Every year, Glassdoor gathers leaders from top companies to speak about how they’re driving the future of business through talent acquisition at our Recruit conference. Recently, 350 in-person attendees joined Recruit in the heart of San Francisco to learn from industry professionals about attracting, developing and retaining the people who will fuel the future of their companies. Wondering what you missed out on? Take a look at some of the highlights below, and make sure to register to watch recordings from the event!
1. Culture matters, and it can be measured
The days where executives think of company culture as a fluffy nice-to-have are drawing to a close. A growing body of research has shown that culture has a clear impact on your bottom-line metrics. In fact, Glassdoor and the MIT Sloan School of Management teamed up together to do some research on it.
“Culture is a very strong predictor of mid- to long-term financial results. And on the flip side, bad culture can destroy a company and financial results,” said Dr. Donald Sull, Senior Lecturer of MIT Sloan School of Management.
And of course, company culture has a major impact on your recruiting efforts. 65 percent of Millennials say culture is more important than salary, while nearly three-quarters (73 percent) of job seekers would not apply to a company unless its values aligned with their own personal values. To help employers analyze their culture and job seekers evaluate their opportunities, Sull collaborated with Glassdoor to create the Culture 500, a tool that identifies and quantifies the most important components of culture — read all about it here!
RELATED: The 5 Myths of Company Culture
2. Your employer brand is your X-factor
You might offer great salaries and incredible perks, but if you don’t have a solid employer brand, candidates may not pay much attention to you. With so many different companies vying for the same talent, it’s more critical than ever that you define your employer brand and spread the word about it. Not only will this help you attract talent — it will help you attract the right talent.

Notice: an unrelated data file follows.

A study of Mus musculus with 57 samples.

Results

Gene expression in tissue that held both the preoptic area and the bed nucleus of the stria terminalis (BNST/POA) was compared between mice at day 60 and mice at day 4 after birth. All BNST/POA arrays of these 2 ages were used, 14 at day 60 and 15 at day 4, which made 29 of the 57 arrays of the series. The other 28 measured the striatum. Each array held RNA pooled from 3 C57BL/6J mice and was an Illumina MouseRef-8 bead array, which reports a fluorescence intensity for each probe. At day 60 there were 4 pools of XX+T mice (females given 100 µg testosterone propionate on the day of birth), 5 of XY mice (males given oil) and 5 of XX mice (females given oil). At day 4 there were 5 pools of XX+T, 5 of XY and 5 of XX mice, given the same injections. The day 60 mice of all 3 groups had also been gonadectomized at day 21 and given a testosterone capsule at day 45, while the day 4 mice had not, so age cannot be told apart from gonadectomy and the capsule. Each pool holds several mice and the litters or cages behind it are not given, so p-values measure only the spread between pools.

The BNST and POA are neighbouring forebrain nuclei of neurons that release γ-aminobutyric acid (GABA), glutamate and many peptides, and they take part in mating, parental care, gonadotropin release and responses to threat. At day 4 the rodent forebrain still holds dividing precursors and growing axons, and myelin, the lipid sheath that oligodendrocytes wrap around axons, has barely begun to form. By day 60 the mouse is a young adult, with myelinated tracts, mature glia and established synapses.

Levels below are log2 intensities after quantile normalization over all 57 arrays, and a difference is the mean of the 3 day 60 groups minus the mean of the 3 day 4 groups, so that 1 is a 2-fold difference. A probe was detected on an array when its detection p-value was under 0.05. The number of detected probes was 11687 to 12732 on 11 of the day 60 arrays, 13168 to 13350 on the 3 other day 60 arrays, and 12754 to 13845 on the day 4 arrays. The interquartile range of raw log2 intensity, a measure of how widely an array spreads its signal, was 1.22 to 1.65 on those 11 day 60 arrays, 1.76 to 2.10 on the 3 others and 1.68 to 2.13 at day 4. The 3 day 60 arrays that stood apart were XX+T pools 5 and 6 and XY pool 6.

“As a small business, we lean into our value prop as an employer. We play to our strengths, talk about our product and mission — and we talk a lot about our people too. The right people can opt in,” shared KC Jorgensen, Chief People Officer at Textio.
Beyond benefitting your recruiting program, your employer brand can also help your company weather the storms that inevitably come up in the business world.
“You should never waste a good crisis. You can really test your company culture when opportunities show up to test your mettle. To know if your employer brand is alive and well, see if your people take it to another level and put their own personal stamp on it,” said Steve Bilt, Chief Executive Officer of Smile Brands Inc.
3. To drive performance, inspire meaning
Many organizations spend thousands, or even millions, of dollars a year trying to figure out how they can empower their employees to perform to the best of their abilities. But fancy software and elaborate training courses aren’t necessarily the answer — you may just need to highlight the impact that your employees have on the business and the world around them.
“Deep down, every human being wants to find meaning in his or her work… Nothing is a more powerful motivator than to know that you are making a difference in the world,” said Laszlo Bock, CEO/Co-founder of Humu and author of Work Rules!
Don’t just mention it once in a company all hands meeting and expect drastic change, though. The key to inspiring employees is highlighting their impact over and over again.
“‘Repetition doesn’t spoil the prayer.’ In most aspects of life, you need to say something about twenty times before it truly starts to sink in,” Bock added. “Tell the stories that reinforce the meaning behind what your company does over and over and over again.”
4. When it comes to belonging, anything but perfect is not good enough.
Conventional wisdom says that you can’t please everyone — but when it comes to your diversity, inclusion and belonging initiatives, you still need to aim for it.
“It’s like the beauty contestant wishing for world peace; we may never get there, but we can’t stop trying,” says Patty Dingle, Sr. Director of Diversity and Inclusion at Visa. “Some people may see a score of 80 out of 100 on a survey question on feeling safe about speaking up in the workplace. But — to me — if there’s even one person that feels as if he or she can’t speak up, that’s a fail.”
And in a world where diversity, inclusion and belonging are both expected by candidates and top drivers of performance, these are initiatives that can’t be put on the backburner.
“At Airbnb, it all goes back to our mission statement, which is to create a world where anyone can belong anywhere. Because it’s so central to our core values, the idea of belonging is at the core of every decision we make,” shared Melissa Thomas-Hunt, Airbnb’s Head of Global Diversity & Belonging.
5. The future is mobile
Think mobile recruiting is still years away from reaching critical mass? Think again. Almost three quarters (72.6 percent) of internet users will access the web solely via their smartphones by 2025, equivalent to nearly 3.7 billion people. Already, more than 50 percent of Glassdoor users today are looking for jobs on their phones.
“It’s time to get rid of the old notion of what you think of a mobile job applicant,” said Dr. Andrew Chamberlain, Chief Economist at Glassdoor.
And don’t worry — this doesn’t necessarily require a massive overhaul of your mobile career site. Even something as simple as posting “Easy Apply” jobs rather than jobs that link back to your ATS can make a difference.
“Reducing the time it takes to fill out the application can make a huge impact in the candidate experience, which will give you a leg up on the competition and attract applicants away from your competitors,” Chamberlain added.